The NJ municipalities of East Windsor, Hamilton and Robbinsville have filed suit against the State of New Jersey for the return of funds that were supposed to be used to replace trees destroyed by NJ Turnpike […]
The economic crisis has forced municipalities across the region to make painful service cuts, but when it comes to school bus reductions, there might be a silver lining. New Jersey schools are not required to provide buses for elementary and middle school students who live within two miles of school, or high schoolers within […]
This week has been a sobering reminder of the age and poor condition of the public transportation system on which our region depends. On Monday, a small fire crippled the switching system of the LIRR, […]
Last week, the Town of […]
Fewer pedestrians and cyclists are dying on the Garden State’s roads, sidewalks and bicycle paths this year versus 2009, even as the number of drivers and passengers killed has more or less […]
During the 2010 Albany legislative season, transportation advocates put their weight behind six laws: four that dealt with enforcement and prosecution, one that established policy guidance on infrastructure spending, and one that would change the way that New York builds its roads. All four of the enforcement laws have been signed by the Governor. […]
High-speed rail between major city destinations is a front-page story across the nation. Big players, stimulus money, and a short timeframe are coalescing in a sustained effort to provide alternatives to the interstate and air travel. In rural and suburban communities, where population densities don’t attract major public transit dollars, a less glamorous and more incremental story is unfolding. The “Rails-to-Trails” movement is slowly morphing into a “Trails-to-Transportation” movement.
The “Rails-to-Trails” movement started in the mid-’60s, after a substantial consolidation of the rail industry led to the closure and abandonment of many lines. The movement was driven by a certain ideology—environmentalists wanting to get “back to nature,” redefine public space, and simply go for a walk. The effort was relatively inexpensive and often hurdle-free. After purchasing a portion of the property from the railroad companies, volunteers would take out the tracks, use the old rail ties in their home gardens, and once a year, come out to the “linear park” to cut back the brush.
Today, new ideologies are in place—and with those ideologies come new priorities. Environmentalists, many of whom were a part of the 60s Rails-to-Trails movement, are now looking at rail trails as part of a non-motorized transportation network. Keith Laughlin, president of the national nonprofit Rails-to-Trails now sees his organization as a transportation advocacy group: “There was a time when people viewed having these trails in their communities as a nice-to-have thing, but not a necessity. But what we’re seeing is an increased demand at the local level, and the trails are now viewed as critical infrastructure for a livable 21st century community.”
In a 2008 survey of Ulster County (NY) residents, 21% of the respondents said they used non-motorized transportation to get to work and 35% used it for shopping and errands; 68% said they don’t use non-motorized transport because there are too many cars or motorists drive too fast. This potential demand for safer routes could be met by a connected network of protected trails. In Manchester, CT, the rate of biking-to-work was ten times greater among those residents who had access to the Charter Oak Greenway compared to those who did not, according to the Capitol Region Council of Governments (the Greenway connects East Hartford with outlying towns).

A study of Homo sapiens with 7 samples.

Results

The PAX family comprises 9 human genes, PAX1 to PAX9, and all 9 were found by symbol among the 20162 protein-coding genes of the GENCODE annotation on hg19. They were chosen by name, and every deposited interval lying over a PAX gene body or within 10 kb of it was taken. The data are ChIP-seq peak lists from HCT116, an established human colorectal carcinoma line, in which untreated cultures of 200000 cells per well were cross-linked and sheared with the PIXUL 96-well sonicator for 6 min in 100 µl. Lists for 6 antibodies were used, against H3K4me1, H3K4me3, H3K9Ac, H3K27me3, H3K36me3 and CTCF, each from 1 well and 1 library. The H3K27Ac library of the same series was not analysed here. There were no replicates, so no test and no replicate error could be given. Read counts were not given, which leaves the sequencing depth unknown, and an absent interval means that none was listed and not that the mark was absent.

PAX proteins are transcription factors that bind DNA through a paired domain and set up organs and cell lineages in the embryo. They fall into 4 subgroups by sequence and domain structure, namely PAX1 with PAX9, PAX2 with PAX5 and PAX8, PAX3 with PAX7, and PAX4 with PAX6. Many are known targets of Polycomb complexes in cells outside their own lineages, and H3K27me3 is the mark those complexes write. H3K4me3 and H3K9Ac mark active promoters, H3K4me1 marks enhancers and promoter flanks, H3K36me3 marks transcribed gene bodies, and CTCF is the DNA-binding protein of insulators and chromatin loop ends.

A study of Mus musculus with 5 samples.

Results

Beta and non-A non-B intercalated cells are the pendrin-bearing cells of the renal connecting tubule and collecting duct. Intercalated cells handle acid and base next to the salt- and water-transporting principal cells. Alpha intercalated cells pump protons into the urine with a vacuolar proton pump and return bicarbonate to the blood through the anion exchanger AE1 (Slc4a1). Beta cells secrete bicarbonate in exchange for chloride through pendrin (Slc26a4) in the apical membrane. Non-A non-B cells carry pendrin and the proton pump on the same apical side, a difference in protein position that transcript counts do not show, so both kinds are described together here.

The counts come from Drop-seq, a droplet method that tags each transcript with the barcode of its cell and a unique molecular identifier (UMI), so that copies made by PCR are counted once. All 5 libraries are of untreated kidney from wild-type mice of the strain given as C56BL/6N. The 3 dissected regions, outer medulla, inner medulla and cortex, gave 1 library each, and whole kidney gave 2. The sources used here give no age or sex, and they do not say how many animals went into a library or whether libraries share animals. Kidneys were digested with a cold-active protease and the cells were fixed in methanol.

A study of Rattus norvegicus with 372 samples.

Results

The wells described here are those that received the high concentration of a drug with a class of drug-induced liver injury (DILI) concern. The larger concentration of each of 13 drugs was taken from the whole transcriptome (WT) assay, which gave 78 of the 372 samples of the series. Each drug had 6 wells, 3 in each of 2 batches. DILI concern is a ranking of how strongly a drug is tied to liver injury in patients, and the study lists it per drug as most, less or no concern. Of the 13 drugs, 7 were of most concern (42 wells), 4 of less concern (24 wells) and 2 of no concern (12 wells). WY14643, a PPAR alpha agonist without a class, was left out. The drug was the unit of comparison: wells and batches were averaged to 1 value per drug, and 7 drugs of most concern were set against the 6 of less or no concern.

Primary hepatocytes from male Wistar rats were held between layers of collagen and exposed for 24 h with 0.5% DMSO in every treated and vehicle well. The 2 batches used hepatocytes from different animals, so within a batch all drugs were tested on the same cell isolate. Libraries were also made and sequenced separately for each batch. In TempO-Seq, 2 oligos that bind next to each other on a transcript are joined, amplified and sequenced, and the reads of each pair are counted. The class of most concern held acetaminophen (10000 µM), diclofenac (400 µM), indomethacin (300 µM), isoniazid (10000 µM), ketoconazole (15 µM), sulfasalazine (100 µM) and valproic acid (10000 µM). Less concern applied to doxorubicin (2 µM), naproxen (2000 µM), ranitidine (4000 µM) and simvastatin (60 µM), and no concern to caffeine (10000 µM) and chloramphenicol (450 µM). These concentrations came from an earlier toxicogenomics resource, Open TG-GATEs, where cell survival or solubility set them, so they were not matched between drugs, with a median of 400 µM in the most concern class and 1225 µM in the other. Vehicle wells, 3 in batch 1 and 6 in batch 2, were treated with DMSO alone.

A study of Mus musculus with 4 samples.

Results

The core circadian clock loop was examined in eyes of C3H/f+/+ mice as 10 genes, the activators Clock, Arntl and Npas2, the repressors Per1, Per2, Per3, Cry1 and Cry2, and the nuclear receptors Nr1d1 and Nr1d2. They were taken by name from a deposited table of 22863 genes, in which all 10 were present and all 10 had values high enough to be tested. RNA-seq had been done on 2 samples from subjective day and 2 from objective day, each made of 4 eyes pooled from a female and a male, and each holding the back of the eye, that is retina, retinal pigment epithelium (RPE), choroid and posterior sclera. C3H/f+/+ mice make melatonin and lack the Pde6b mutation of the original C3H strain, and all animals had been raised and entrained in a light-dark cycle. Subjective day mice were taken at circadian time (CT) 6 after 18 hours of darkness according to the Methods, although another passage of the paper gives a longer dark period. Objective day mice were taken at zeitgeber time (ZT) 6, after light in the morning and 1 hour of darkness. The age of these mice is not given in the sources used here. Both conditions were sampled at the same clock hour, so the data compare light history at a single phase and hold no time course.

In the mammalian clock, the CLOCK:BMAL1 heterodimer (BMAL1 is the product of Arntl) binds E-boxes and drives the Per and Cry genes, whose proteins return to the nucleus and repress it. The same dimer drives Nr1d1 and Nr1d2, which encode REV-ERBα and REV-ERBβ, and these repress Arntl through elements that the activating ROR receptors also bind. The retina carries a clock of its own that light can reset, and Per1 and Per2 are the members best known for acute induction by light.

Building a Network
Perseverance has led to some high-profile wins for trail advocates. Walkway Over the Hudson was an effort that was started in 1992 by Bill Sepe, whose organization eventually bought the Poughkeepsie-Highland Railroad bridge (built in 1888) for $1. The pedestrian bridge, which in the end cost $38.8M to renovate, opened to great fanfare last October, and is now the longest pedestrian bridge in the world, and a key link to the Amtrak/Metro North station. In August 2009, the Open Space Institute and the Wallkill Valley Land Trust bought the iconic Rosendale Trestle Bridge and 11.5 miles of trail—a missing link between New Paltz and Kingston that had been owned by a private property owner. The two land trusts waited for 20 years for an opportunity, and, amidst the recent economic crisis, the property went into tax foreclosure.
Advocates in New York have not stopped fighting for a statewide complete streets bill (A8587-B/SB5711-B) that would require that pedestrian and cyclist accommodations be considered in the planning, design, and construction of all road projects receiving state or federal funds.
The state legislature’s extended session ended in August with […]
Citing even one crash as “one crash too many,” New York City DOT Commissioner Janette Sadik-Khan on Monday released the city’s “roadmap for safety strategies.” The study recommends four specific engineering and design strategies to improve pedestrian safety:
20 mph zone pilot program in at least 75 residential neighborhoods; dangerous […]
Gov. Rell and CT legislative leaders stood behind the New Haven-Springfield rail line today, after the State Bond Commission voted to bond $260 million towards the project. The commitment of state funds, pushed by Gov. Rell, should bolster the state’s chances of winning $220 million from the second round of federal high-speed rail grants.